One of the challenges of getting mortgage loan financing these days is showing total and complete monthly income. Contrary to popular belief you must be able to support ability-to-repay (ATR) as a Consumer Financial Protection Bureau has laws in place to make sure abusive lending practices from days past don’t repeat themselves. One of the things associated with preventing predatory lending is specifically showing ability-to-repay which means fully being able to document your cash, credit, and income necessary in conjunction with purchasing or refinancing a home. Watch for these risky income moves when planning to get a mortgage…
One such factor here we’re going to focus on primarily is income in particular if you have a choppy history or if you’ve changed and income status your ability to get a mortgage may be impacted. Following are some things to avoid when it comes to applying for a mortgage if you want to be successful in having that mortgage loan close escrow
If you’re self-employed you need to show income. Just because the IRS allows you to write off all your income does not necessarily mean you should. It’s a catch-22 who wants to pay more in taxes? Nobody does, but at the same time everyone wants to be able to qualify to get a mortgage and those are two goals at the opposite ends of the spectrum.
If you’re self-employed you must not only show the income, but you also must have solvency in your business as well. You can’t be bleeding your company dry from a fiscal standpoint and taking that money and caring it over to income as every self-employed mortgage application requires tax returns. Most mortgage companies want two years of federal income tax returns to provide supporting income documentation for qualifying.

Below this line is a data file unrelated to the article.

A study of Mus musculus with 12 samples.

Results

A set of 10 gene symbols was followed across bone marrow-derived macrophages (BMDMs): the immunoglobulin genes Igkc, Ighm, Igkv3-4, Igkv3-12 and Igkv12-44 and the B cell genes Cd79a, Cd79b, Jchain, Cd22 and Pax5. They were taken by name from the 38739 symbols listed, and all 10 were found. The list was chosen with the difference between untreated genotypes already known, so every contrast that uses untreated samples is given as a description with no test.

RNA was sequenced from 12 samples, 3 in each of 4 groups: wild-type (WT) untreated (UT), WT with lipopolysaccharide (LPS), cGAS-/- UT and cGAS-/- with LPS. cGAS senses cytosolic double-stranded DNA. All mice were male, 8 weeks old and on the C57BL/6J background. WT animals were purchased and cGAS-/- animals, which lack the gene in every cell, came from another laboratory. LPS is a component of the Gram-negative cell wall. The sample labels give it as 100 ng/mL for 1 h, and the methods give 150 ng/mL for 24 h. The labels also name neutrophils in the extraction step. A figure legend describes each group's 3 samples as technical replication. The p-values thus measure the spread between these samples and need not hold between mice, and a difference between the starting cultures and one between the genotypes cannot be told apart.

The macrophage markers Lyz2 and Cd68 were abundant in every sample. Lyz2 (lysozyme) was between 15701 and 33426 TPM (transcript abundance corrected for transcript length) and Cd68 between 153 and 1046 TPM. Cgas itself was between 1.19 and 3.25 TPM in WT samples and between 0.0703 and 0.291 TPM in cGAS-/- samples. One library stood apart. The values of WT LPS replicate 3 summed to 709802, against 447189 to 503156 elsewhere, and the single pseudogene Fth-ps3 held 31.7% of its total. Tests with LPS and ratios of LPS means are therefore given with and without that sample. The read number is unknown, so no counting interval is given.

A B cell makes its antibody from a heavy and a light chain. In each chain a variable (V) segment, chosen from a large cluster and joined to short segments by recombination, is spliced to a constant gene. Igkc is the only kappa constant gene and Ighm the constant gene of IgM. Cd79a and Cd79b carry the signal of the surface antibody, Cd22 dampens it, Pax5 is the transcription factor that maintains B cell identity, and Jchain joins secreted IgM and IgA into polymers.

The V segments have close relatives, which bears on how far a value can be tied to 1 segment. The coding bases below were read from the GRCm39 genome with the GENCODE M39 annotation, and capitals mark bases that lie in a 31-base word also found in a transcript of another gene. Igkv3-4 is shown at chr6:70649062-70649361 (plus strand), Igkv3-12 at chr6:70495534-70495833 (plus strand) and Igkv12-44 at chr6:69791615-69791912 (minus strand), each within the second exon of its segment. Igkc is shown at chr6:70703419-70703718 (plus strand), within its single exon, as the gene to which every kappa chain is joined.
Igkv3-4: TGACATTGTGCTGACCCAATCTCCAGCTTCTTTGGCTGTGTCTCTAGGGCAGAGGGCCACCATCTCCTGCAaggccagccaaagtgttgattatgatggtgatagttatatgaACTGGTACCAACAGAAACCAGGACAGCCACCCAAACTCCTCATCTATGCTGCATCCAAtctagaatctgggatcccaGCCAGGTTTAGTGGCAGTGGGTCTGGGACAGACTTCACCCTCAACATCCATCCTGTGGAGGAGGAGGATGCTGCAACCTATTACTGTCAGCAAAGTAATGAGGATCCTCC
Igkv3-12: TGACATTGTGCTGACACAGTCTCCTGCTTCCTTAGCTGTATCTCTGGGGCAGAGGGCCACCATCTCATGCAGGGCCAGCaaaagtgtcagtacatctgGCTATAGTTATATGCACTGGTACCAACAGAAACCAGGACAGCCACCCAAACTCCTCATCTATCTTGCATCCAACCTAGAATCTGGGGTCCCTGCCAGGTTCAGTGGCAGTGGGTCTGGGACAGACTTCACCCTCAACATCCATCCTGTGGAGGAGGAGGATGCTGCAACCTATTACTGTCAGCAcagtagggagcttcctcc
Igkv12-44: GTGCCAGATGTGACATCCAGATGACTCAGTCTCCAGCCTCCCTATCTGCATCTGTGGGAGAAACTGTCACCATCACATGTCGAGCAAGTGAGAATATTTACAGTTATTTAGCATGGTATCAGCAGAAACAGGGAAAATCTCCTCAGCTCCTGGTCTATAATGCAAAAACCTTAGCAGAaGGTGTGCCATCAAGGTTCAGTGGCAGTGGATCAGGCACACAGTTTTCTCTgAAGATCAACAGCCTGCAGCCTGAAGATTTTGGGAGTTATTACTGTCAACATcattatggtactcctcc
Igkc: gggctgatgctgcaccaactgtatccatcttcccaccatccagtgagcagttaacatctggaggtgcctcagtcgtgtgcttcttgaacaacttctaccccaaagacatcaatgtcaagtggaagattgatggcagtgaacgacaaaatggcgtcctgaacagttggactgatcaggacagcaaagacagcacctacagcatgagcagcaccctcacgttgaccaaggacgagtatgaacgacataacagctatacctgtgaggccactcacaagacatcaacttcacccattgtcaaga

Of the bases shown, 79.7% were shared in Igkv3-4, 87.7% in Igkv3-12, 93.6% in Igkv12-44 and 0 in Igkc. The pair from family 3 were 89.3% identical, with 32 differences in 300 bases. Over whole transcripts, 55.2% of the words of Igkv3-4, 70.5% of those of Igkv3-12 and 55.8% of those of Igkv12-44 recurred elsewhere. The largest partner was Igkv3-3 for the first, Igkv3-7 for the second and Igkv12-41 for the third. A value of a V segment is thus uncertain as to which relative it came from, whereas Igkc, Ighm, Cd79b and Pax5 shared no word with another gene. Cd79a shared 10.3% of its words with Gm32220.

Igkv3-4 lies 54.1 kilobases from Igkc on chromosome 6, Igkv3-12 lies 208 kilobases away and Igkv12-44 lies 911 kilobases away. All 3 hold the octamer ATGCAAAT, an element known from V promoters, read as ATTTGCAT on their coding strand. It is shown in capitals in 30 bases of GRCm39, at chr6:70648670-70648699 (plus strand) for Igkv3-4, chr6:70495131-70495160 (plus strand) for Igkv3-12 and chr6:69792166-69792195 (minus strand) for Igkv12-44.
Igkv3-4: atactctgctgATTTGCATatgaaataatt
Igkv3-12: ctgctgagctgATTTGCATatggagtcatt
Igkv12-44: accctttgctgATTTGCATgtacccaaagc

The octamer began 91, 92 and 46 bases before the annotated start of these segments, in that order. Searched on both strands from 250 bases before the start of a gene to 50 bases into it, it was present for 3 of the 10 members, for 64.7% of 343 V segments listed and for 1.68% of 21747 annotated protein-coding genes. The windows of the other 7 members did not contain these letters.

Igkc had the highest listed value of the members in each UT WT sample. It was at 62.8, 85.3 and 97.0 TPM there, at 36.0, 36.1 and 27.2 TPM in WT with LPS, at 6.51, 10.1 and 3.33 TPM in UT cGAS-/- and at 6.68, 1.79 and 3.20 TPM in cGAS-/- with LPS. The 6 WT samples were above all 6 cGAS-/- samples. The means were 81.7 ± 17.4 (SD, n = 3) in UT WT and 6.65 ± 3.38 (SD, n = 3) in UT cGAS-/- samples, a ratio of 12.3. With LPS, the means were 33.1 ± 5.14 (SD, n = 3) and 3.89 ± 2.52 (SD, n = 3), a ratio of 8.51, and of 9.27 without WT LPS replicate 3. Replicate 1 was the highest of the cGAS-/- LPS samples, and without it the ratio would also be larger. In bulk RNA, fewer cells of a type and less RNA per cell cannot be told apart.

So if your business is still in its infancy and it’s showing losses? More than likely, the loan is not going to work you will need a co-signer or you’ll have to put down substantially more cash or pay off potentially large sums of consumer debt if applicable in order to qualify.
Mortgage tip: If you were self-employed and now you’re a W-2 employee your home free (in most cases).
If you are self-employed and any of the above affects you it’s just the way it is the only other alternative would be coming at the expense of time to show a bigger income year or get a cosigner. These are some of the things self-employed people typically might go through when seeking a mortgage and or have been turned down and they blame the mortgage company. The mortgage company is only following guidelines the federal government has put into place to prevent abusive and predatory lending practices. You need to play by the rules and guidelines lenders have in place in support of purchasing or refinancing a home.
If you’re looking to get a mortgage or like to get qualified start today with a complimentary quote.